Here comes the holy police force.

Briarwood Presbyterian Church in Birmingham, Alabama, hopes to create its own police force to protect its more than 4,000 members and 2,000 students and teachers. The Alabama State Judiciary Committee approved SB 193 on Wednesday, March 15. The bill now awaits approval by the Alabama Senate, according to US News.

“After the shooting at Sandy Hook, and in the wake of similar assaults at churches and schools, Briarwood recognized the need to provide qualified first responders to coordinate with local law enforcement,” said Matt Moore, a church administrator, according to the New York Post.

The Alabama House recently passed a parallel bill, nicknamed the “Alabama Church Protection Act,” which would allow churches to select security guards from their congregations, and equip them with guns as they patrol. It also contains clauses to legally protect the officers if they shoot someone.

“It’s our view this would plainly be unconstitutional,” Randall Marshall, Acting Executive Director of the American Civil Liberties Union, told NBC News.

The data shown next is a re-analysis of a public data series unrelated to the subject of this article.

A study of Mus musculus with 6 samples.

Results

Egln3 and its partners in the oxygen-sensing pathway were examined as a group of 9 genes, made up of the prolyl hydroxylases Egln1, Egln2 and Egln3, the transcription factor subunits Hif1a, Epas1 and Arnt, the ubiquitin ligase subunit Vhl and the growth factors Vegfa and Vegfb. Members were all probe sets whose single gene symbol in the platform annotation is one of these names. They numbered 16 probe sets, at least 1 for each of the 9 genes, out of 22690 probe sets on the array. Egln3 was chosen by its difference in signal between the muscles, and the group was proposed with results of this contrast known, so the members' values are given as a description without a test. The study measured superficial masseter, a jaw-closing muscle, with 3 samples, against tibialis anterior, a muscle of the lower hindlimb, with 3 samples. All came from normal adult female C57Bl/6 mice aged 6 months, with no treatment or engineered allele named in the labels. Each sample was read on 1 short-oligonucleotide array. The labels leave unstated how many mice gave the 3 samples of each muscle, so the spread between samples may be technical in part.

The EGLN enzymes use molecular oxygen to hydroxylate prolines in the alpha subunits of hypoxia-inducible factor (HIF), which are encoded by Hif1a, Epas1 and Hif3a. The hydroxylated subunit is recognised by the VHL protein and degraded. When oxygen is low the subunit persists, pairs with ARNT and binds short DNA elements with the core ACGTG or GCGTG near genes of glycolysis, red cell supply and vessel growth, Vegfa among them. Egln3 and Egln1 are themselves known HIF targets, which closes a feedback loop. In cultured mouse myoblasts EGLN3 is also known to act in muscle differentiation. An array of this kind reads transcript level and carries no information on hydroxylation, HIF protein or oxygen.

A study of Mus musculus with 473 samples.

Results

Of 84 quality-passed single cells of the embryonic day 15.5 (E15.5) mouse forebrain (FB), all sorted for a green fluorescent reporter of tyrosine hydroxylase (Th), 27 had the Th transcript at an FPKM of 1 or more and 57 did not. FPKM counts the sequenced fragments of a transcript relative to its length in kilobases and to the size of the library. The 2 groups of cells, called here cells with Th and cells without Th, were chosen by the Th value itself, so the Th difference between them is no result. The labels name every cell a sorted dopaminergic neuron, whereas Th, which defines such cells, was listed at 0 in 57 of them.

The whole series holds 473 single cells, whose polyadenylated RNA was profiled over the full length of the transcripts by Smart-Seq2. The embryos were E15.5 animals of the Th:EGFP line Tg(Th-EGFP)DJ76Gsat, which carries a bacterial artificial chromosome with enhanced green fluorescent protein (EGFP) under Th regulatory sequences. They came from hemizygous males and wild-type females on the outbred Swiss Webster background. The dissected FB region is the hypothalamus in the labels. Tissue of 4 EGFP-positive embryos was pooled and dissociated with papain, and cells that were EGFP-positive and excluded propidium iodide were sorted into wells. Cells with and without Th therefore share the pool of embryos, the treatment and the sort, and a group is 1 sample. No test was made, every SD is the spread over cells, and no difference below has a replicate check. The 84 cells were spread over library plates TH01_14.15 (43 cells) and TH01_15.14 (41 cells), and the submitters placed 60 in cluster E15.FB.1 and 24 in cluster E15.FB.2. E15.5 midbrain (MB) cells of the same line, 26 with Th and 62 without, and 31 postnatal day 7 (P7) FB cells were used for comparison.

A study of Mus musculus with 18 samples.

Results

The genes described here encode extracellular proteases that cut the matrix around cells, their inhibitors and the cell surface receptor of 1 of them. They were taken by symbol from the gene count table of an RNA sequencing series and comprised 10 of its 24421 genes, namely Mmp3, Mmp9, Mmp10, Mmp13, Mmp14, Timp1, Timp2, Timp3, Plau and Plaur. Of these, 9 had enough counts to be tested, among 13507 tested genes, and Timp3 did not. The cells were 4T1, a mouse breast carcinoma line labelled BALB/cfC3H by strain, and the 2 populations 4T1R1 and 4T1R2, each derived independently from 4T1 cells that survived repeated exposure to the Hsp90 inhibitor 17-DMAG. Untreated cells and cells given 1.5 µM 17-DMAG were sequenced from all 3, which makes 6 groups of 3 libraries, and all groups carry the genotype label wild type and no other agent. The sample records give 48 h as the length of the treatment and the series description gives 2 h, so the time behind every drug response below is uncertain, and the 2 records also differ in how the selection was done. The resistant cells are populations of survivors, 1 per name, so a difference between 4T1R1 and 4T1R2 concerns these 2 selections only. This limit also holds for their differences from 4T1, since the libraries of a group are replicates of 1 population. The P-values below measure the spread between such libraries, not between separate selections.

In a memo to the Alabama Senate, Marshall argued that SB 193 violated the First Amendment and would not survive in court, according to the New York Post.

The bill states that every police officer appointed to guard the church would first need to certify in the Alabama Peace Officers Standards, as well as meet additional education requirements.

Sheriffs’ deputies from Jefferson and Shelby Counties, which both border the church’s property, already patrol the complex, according to NBC News.

“I voted to get it out of committee after getting assurances that they would act like a real police force and they would not be an agency that covers things up,” said Alabama State Senator Rodger Smitherman. Although he supported the bill, Smitherman noted that there are “valid constitutional concerns,” according to NBC News.

Sgt. Jack Self of the Jefferson County Sheriff’s Department told NBC News that he has never heard of a church-formed police force, other than the Vatican.